Day-care Rules for Children
The first time your child goes to day care, it might take time for him to get used to the new environment, the other children, teachers and rules. Before your child begins day care, ask the director or your child’s teacher what the rules are for his particular class. Although some rules are specific for each room, some basic ones apply to all. Teach those rules to your child in the days leading up to his first day and the adjustment period should go more smoothly 1.
Walking Feet and Inside Voices
One phrase that day-care teachers say often is, “Walking feet.” Running outside on the playground when it’s not icy or slippery is fine, but inside the classroom is dangerous. Furniture, toys, works, teachers and other children all share one room. Running can cause injury to your child running and others. Inside voices are used to keep the noise level down in a classroom, which helps children learn and to remain calm.
Hands to Yourself and Use Your Words
Teachers will phrase “Don’t hit/punch/pinch/slap …” as “Keep your hands to yourself,” or “Hands are for hugging.” There are variants on this rule, but the idea is for children to learn to control their bodies when their emotions are running high. “Use your words” is another popular rule in day cares. This piggybacks on “Hands are for hugging” idea. When a child can verbalize why she is upset, she is less likely to physically harm herself or others. Teachers can help children develop the language to say, “I don’t like that. Stop.”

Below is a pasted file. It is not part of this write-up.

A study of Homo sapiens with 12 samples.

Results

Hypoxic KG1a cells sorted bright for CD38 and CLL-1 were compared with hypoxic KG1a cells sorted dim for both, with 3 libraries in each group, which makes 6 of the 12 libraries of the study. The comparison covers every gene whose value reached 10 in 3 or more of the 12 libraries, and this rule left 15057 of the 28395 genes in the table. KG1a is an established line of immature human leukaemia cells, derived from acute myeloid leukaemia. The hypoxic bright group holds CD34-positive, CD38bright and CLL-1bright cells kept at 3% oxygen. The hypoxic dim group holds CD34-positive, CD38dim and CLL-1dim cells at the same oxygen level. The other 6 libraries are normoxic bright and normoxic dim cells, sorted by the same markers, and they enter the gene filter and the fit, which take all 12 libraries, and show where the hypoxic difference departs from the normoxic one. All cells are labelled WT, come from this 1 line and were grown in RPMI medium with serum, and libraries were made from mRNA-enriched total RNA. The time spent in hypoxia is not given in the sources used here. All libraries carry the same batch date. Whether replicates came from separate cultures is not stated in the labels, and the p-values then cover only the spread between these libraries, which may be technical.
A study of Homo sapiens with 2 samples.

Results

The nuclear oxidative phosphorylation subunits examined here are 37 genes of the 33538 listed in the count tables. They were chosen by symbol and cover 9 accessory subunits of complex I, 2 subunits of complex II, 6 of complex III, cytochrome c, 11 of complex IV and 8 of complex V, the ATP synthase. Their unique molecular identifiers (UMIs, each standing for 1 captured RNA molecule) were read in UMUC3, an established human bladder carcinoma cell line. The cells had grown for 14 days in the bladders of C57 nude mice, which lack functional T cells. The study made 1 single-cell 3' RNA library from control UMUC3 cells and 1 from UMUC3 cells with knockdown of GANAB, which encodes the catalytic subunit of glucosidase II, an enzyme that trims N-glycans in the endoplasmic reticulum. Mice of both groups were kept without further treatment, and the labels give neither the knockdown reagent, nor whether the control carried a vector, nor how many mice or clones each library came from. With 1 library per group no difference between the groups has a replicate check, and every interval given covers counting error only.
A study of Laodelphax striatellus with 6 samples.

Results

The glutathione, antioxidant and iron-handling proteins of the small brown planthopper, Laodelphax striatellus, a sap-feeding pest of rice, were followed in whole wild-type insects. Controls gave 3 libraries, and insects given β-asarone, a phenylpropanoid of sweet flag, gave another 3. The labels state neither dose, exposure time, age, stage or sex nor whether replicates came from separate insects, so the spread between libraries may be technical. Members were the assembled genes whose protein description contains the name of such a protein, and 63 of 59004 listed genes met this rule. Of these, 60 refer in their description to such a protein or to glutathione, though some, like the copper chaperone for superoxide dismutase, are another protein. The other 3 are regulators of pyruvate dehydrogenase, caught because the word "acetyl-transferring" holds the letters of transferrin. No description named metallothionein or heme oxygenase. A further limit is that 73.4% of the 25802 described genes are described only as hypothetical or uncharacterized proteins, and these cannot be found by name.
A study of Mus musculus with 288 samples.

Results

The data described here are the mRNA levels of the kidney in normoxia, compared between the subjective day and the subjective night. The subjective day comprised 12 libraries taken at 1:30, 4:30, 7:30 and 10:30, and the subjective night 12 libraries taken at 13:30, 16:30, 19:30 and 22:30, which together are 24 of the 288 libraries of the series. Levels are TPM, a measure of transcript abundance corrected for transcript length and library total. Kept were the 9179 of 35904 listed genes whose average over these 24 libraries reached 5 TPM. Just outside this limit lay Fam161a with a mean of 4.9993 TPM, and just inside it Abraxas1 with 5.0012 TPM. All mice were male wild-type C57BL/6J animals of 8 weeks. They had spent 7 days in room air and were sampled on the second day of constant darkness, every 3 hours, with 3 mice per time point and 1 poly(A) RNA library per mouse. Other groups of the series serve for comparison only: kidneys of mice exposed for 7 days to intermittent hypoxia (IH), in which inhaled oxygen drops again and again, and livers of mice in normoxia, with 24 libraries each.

Take Turns and Be Patient
In a day care, where often only one or two of something is available, children must learn to take turns. Patience is a skill that children must develop in a day care. They wait to get their food for lunch, for their turn with a toy, for their turn to speak and to choose a book for the teacher to read.
“Put your listening ears on” is heard throughout almost every day-care classroom at some point. This reminds children to pay attention to what the teacher is saying. She could be explaining safety instructions or telling how to do a particular activity. Listening to what the teacher says is a critical safety rule in day cares. It helps maintain the safety and smooth flow of the daily routine.
In the end, the most important rule in a child care center -- and in the rest of the world -- is to be kind. Children will learn through experience what kind means. When a teacher asks “Was that kind?” and a child sees that he caused someone to cry, he will learn that the answer is “No” and decide on what he could have done instead and what he will do if the situation comes up in the future.